Wednesday, March 4, 2015

Papers at the 18th Law, Culture and Humanities Conference, Washington DC

Marco Wan and Daniel Matthews will be presenting papers at the 18th Annual Conference of the Association for the Study of Law, Culture, and The Humanities to be held on 6-7 March 2015 at Georgetown University Law Centre, Washington, D.C.
     Dr Wan will be presenting a paper titled, "The 'Umbrella Revolution', Hong Kong and the Rule of Law" (Abstract: This paper examines the ways in which the term ‘rule of law’ has been used in the political and cultural discourse on Occupy Central, or the ‘Umbrella Revolution’, in Hong Kong. The Movement, sparked by Hong Kongers’ discontent about the pace of local democratization, has been repeatedly condemned by both the Chinese and Hong Kong governments as being against the rule of law. It has also captured the attention of the international media. This paper examines ‘classic’ formulations of the ‘rule of law’ by figures such as A.V. Dicey and Joseph Raz, and assesses the ways in which the use of the term in current discourse overlaps with, and deviates from, such formulations.)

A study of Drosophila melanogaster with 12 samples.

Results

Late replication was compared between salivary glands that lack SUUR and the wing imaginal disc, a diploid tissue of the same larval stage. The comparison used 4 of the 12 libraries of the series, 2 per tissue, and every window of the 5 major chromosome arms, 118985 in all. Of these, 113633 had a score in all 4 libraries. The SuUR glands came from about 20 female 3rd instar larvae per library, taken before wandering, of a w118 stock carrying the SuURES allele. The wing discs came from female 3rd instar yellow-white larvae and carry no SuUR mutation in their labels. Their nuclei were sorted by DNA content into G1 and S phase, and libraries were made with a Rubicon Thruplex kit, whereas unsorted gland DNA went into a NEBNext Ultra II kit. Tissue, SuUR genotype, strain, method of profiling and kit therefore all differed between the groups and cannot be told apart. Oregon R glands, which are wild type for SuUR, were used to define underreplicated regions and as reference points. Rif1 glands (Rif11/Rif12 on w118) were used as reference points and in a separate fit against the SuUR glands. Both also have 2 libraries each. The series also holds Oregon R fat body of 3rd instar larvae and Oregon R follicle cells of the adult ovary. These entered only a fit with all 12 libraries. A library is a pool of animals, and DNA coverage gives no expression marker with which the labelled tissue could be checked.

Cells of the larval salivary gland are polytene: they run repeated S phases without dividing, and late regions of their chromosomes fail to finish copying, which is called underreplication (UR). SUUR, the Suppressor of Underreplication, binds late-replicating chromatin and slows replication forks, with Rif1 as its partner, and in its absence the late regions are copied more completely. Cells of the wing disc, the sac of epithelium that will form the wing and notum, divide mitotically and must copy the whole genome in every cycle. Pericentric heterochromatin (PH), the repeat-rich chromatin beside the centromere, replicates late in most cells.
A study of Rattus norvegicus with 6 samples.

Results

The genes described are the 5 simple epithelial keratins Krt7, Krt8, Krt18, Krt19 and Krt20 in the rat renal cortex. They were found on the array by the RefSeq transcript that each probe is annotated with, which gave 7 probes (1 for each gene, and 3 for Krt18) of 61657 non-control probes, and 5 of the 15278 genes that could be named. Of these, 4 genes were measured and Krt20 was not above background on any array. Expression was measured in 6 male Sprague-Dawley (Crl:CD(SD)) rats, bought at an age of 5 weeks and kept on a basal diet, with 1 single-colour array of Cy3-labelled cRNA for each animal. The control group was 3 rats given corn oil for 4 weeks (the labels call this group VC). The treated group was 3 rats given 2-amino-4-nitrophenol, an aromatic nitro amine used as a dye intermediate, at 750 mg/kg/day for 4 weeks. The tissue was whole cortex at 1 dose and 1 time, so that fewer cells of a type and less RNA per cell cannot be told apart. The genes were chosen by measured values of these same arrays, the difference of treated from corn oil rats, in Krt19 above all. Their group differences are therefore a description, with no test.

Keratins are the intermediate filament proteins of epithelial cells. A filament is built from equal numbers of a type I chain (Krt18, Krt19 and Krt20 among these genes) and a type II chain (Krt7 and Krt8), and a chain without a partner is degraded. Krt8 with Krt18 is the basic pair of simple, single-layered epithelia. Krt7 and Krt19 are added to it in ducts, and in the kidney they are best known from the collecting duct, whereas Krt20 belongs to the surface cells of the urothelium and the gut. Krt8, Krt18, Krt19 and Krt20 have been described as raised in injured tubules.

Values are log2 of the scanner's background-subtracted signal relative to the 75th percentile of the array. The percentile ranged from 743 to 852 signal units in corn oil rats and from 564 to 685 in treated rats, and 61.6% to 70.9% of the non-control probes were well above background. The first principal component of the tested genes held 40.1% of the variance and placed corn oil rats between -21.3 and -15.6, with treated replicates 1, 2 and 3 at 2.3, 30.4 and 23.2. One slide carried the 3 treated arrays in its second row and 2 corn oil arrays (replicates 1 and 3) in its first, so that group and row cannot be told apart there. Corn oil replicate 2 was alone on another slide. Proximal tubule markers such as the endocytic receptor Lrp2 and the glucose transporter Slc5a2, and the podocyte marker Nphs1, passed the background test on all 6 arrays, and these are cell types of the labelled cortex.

Dr Matthews will be presenting a paper titled "Jurisdiction of the Common" (Abstract: Jurisdiction is centrally important to law and jurisprudence but has attracted limited attention in critical and interdisciplinary scholarship. To the practicing lawyer’s ears, jurisdiction speaks of procedure, standing, and the conflict of laws. However, jurisdiction has a life beyond these forensic technicalities. Juris-diction is the law’s speech, naming the expressive register of normativity, the study of which opens a number of questions regarding performativity, speech acts, as well as the aphonia of law. Law and Literature scholar Bradin Cormack argues that jurisdiction has a dual aspect, at once reflecting an extant juridical given at the very moment that it creates – as if ex nihilo – a juridical ground. Jurisdiction is the speaking of ius, naming an informal lawful architecture, rather than lex, which signals written and substantive law. This paper expands on Cormack’s account of jurisdiction through an engagement with the work of Jean-Luc Nancy. Nancy’s ontology of “being-with” provides resources for re-imagining the juridical given which jurisdictional pronouncements seek to determine and, consequently, circumscribe. These theoretical reflections are put in conversation with aspects of the early modern common law thinking that stressed the necessary relationship between positive law and the extant practices and fealties of a given community. It is hoped that reading jurisdiction through Nancy’s inoperative ontology of the “with” might reanimate a sense of the common, essential to the common law tradition.)